It’s rare for me to miss a few days but the simple truth I am too wrapped up in the rebuild of one ‘storyline’ in the OU Business School website.
This and preparing another presentation, this time on ‘blogging’ having opened what will become a series with ‘Social Media’ last week.
I see three necessary phases in becoming a blogger:
- Create (and collaborate)
‘Listen’ as in reading loads, being led wherever someone appeals to you, ‘listening in’ on the conversations that are being started and saving these sites to peruse regularly.
There were over 150 million blogs the last time I cared to seek out the statistics. How do you even begin to find those few that you are prepared to read on a regular basis? Clearly you cannot read everything; even in your own field of interest, unless it is the tightest niche, might have thousands of commentors.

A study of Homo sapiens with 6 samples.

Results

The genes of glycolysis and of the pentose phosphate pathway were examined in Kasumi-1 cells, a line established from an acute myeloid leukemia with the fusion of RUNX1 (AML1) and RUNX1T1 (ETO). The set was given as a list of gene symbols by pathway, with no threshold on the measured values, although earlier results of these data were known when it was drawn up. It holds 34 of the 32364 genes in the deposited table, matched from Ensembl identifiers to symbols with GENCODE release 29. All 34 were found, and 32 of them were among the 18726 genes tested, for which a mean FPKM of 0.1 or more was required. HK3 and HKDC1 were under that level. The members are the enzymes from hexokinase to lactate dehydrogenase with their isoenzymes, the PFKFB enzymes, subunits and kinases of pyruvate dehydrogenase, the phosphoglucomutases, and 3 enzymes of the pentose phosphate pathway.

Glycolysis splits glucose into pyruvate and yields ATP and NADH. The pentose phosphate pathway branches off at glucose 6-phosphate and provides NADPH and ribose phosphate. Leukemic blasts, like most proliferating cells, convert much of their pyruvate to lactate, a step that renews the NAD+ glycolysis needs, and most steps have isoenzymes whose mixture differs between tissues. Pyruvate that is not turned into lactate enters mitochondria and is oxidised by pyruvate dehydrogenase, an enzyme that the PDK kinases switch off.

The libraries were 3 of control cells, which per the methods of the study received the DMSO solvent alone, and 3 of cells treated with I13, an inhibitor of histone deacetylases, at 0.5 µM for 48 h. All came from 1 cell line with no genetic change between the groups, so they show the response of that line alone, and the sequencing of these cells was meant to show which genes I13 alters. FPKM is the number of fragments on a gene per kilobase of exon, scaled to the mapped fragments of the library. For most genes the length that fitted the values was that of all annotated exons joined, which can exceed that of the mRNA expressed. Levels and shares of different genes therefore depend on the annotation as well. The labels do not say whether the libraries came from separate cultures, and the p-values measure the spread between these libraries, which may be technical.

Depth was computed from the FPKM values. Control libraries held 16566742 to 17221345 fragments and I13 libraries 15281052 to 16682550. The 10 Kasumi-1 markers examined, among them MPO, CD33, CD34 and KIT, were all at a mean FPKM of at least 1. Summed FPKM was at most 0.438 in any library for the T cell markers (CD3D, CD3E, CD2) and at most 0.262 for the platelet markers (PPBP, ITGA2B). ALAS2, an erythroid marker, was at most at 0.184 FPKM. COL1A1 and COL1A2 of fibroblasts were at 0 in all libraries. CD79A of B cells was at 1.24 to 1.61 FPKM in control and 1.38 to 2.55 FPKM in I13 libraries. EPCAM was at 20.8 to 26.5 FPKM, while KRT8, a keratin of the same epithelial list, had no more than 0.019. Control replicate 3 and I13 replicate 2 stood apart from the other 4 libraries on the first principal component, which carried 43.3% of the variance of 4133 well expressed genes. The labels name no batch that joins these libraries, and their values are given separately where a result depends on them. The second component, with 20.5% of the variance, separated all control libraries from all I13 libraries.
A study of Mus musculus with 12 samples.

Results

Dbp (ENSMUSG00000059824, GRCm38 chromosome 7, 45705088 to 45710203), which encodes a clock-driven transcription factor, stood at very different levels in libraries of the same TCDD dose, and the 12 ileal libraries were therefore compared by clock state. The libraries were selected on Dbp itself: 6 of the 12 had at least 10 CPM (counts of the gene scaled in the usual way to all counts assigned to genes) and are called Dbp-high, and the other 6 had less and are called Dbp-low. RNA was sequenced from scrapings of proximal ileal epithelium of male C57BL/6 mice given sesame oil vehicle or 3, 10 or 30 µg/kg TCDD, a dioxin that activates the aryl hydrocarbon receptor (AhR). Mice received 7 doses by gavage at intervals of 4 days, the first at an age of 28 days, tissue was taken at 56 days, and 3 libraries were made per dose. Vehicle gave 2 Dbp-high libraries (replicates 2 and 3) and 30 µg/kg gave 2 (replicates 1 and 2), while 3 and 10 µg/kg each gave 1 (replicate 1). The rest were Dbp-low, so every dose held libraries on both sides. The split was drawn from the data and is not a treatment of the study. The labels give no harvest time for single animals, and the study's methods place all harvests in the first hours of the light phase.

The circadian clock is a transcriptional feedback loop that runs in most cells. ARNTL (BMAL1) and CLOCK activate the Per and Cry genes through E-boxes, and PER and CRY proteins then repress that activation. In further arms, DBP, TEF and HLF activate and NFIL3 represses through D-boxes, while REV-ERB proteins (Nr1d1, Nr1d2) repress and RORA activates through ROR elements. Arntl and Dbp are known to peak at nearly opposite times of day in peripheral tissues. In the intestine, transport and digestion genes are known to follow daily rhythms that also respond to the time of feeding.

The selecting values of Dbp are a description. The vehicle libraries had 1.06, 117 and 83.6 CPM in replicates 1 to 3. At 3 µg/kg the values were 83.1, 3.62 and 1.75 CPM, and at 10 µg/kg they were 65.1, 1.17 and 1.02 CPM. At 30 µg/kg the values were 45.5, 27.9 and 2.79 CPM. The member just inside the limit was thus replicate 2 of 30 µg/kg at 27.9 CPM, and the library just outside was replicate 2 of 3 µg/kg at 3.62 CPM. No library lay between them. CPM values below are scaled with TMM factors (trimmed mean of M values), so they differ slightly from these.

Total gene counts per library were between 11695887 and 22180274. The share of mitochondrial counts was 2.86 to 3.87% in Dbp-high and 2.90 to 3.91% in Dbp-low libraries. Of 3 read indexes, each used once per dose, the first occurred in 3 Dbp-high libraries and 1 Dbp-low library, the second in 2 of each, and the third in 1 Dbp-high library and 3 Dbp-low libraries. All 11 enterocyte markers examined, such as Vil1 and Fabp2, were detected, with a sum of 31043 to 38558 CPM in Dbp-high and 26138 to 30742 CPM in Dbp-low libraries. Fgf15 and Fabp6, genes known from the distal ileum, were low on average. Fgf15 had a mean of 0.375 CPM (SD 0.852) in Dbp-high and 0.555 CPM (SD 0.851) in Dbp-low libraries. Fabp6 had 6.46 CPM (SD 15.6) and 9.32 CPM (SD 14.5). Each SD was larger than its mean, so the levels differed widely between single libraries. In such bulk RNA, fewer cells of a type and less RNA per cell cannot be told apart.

I go for ‘like minds’, authors with whom you feel you could converse, those you wish to emulate, whose thoughts maybe like your own, but fully fledged.
I am currently following Andrew Sullivan a bit, but some of the many other bloggers he lists a lot.
Andrew is British born and raised, though living in New York, somewhat right-wing and from a modest background. His intellect and presumption took him to Oxford (Modern History) and then Harvard. By all accounts, with 1,000,000 page views a month he has many followers. He does this by a) being well informed and b) being willing to express an opion – we look to commentators for ‘breaking views’ as another Oxford graduate of this same era puts it, though Hugo Dixon, a grandson ( or great grandson) of Winston Churchill has a somewhat different background.
What they had in common as undergraduates was a precocious desire to express their opinion.
Is it any wonder that we are attracted to their words, if only to disagree? They make a convincing point succintly.
I’m clicking through the 60+ blogs Andrew Sullivan lists in his blogroll and find it hard not to click the ‘save bookmark’ option.
Nice when someone has done it for you, though I am yet to come across the UK equivalent.